Yesterday, we were sentenced to pay £10,000 compensation charges to Miller Argent Ltd, after pleading guilty to aggravated trespass by shutting down Ffos-y-fran coal mine for one day.
In the early hours of 21 April 2017, under the banner of Earth First! and Reclaim the Power, we disrupted the ecologically and socially disastrous mining operations of Miller Argent in the UK's largest opencast mine. At 5am, two of us blocked vehicle access to the mine by using D-locks and an armtube to lock onto the cattle grid at the entrance, while three of us climbed down towards the bottom of the vast hole to lock onto the 300 tonne excavators used to extract coal.
One of us was dressed as a bright yellow canary. Historically, canaries were brought down into underground mines to act as warning signals: the death of the little bird indicated toxic levels of gas. Similarly, we wanted to highlight that coal mining is causing irreversible damage, particularly to those least responsible, especially in the global South.
Coal mining is not only a global issue. It's also an issue of local air pollution, democracy and environmental justice. For over a decade, Residents Against Ffos-y-fran and United Valleys Action Group have been fighting the mine. With the mine only 37 metres from the closest homes in Merthyr, they are suffering from pollution, dust, noise and vibration every day. In March, the UN Special Rapporteur On Human Rights & Toxics called for a health inquiry into cancer and asthma rates in the neighbouring communities, criticising the lack of government response. 500 residents have attempted to take court action against the mine, but their application was refused by the High Court as they were deemed unable to afford it.
Ffos-y-fran illustrates the failures of environmental regulation in the UK, the systematic injustices and the dominance of corporate over human interests and exemplifies how fossil fuel interests have become institutionalised as state interests, to be defended at all costs. The court's willingness to deter protesters on behalf of Miller Argent has exemplified this.
Until recently, Ffos-y-fran supplied coal to one of Europe's dirtiest power stations, Aberthaw, third largest emitter of nitrogen oxides in the EU and responsible for 17% of Wales' greenhouse gas emissions. In 2014, the European Court of Justice confirmed that the power station is in breach of EU air pollution regulation. Rather than shutting down the plant, the government pays its operator, RWE nPower, £27 million pounds to keep it operational. Recently, the power station stopped burning Welsh coal, instead relying on imported coal, but Ffos-y-fran continues to operate.
Whilst Cameron's government committed to phasing out coal by 2025, this is not soon enough for the communities around Ffos-y-fran or for the many people who are already suffering from climate change. With Brexit, the reality of this commitment is cast into doubt, especially given May's legacy of u-turns in many important policy areas.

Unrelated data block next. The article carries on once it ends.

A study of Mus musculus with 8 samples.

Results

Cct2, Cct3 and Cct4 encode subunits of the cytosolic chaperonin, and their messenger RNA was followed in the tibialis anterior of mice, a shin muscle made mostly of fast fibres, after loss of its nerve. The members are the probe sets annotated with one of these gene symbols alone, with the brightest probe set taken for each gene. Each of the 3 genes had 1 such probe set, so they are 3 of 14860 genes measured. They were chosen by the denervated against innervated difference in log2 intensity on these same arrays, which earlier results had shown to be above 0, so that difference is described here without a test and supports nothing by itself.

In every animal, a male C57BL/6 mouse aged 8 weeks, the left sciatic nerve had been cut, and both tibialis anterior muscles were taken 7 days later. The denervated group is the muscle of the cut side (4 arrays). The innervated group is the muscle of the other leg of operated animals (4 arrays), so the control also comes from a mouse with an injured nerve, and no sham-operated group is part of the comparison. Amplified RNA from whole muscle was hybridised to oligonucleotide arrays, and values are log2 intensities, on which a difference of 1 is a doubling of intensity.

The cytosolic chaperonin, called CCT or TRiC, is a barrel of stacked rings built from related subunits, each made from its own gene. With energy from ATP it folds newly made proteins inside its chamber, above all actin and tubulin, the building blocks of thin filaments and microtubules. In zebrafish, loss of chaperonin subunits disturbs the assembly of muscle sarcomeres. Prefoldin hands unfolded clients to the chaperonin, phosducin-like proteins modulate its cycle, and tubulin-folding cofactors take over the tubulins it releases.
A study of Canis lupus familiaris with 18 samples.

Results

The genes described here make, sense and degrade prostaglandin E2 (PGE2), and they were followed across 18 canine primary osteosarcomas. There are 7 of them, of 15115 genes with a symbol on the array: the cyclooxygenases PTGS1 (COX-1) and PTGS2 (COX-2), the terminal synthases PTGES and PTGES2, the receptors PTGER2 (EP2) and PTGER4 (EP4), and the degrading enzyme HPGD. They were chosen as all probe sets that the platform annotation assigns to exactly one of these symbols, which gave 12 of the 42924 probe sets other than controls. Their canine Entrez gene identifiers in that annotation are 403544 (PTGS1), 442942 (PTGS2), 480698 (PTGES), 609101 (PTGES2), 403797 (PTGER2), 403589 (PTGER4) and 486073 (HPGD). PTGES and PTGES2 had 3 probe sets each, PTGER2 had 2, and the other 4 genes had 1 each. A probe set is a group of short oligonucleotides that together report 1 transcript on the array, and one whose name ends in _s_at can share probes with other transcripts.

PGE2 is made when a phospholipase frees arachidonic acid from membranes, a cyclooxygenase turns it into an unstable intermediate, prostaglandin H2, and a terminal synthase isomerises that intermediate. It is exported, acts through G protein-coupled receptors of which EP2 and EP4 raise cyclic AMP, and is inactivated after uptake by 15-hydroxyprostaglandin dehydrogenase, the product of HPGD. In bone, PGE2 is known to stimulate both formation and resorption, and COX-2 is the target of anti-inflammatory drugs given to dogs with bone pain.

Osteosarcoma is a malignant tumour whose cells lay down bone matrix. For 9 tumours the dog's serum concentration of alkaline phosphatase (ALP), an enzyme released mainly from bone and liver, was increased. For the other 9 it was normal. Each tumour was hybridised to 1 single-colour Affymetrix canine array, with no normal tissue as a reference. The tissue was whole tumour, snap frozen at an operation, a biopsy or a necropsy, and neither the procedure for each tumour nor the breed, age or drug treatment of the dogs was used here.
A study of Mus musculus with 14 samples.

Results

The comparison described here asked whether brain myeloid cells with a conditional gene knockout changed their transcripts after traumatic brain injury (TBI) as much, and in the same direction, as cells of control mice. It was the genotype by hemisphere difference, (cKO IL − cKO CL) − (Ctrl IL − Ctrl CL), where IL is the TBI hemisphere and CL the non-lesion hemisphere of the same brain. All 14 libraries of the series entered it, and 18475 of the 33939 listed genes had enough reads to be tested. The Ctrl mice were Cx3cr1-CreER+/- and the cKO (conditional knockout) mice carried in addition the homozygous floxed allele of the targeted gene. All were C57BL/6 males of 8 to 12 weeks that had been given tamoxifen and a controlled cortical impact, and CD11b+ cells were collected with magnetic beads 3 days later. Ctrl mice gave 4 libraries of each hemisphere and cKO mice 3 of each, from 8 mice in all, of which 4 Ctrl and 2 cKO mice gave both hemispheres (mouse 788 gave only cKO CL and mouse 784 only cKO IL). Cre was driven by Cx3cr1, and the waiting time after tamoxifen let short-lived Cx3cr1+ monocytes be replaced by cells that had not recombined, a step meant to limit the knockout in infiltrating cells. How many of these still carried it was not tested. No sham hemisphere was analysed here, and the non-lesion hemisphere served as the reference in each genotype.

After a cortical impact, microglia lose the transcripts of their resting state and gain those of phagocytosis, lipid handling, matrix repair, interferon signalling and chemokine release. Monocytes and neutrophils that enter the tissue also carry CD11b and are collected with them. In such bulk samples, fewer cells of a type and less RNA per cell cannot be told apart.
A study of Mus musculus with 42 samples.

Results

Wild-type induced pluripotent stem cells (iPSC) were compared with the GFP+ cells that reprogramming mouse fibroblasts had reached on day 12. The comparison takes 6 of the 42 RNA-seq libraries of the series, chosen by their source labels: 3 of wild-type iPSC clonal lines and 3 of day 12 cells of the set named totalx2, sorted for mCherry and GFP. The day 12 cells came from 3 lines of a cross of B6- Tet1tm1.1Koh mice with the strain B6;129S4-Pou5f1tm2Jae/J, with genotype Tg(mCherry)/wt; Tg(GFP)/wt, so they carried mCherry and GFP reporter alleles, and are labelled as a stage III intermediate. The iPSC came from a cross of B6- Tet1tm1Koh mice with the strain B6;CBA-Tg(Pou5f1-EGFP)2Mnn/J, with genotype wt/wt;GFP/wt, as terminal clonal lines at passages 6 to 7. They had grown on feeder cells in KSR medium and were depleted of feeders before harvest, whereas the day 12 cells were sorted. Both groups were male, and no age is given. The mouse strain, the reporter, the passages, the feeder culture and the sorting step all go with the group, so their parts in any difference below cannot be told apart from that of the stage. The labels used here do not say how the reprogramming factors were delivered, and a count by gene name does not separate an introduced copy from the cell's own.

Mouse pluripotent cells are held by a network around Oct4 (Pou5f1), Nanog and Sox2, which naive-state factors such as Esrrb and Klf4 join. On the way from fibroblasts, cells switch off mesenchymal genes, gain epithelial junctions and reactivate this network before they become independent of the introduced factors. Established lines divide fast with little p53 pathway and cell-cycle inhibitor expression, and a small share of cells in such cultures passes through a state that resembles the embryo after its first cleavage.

Governments have shown that they cannot be trusted to deal with the crises we are facing: they are part of the problem. Their responses are driven by corporate interests, further entrenching and institutionalising inequalities and injustices through racist border policies, false solutions and 'green capitalist' fantasies. Twenty-five years of climate negotiations have laid bare the corporate capture of the international policy processes and exposed the need to take matters into our own hands - to go to where climate change is caused and 'shut shit down.' The global coal industry is at the forefront of climate change, biodiversity loss, exploitation and degradation of social and ecological communities.
We need a diversity of tactics to end coal. In resistance to Ffos-y-fran, local people have fought court battles and a public inquiry, organised petitions and protests, succeeding in having a second mine rejected (though Miller Argent are currently appealing against this). By disrupting operations and shutting down the mine, we hit the operator where it hurts - in the first three hours of the blockade alone, the company allegedly lost up to £60,000. Only through continued direct action, by opposing all types of destruction and oppression, can we build the world we want to see. Centralising power structures and authority are inherently environmentally exploitative and socially oppressive. We want a socio-economic system run for the needs of people, not for profit; according to principles of solidarity, co-operation and mutual aid. This system is based on sharing, voluntary collaboration, and communal organising and runs on local, decentralised, communally controlled electricity. That's the world we are fighting for.
If you support our action and can help us pay for these ludicrous charges in any way, please donate here. For those who came before, and those who will come after!
A longer version of this blogpost has been published on the Reclaim the Power website.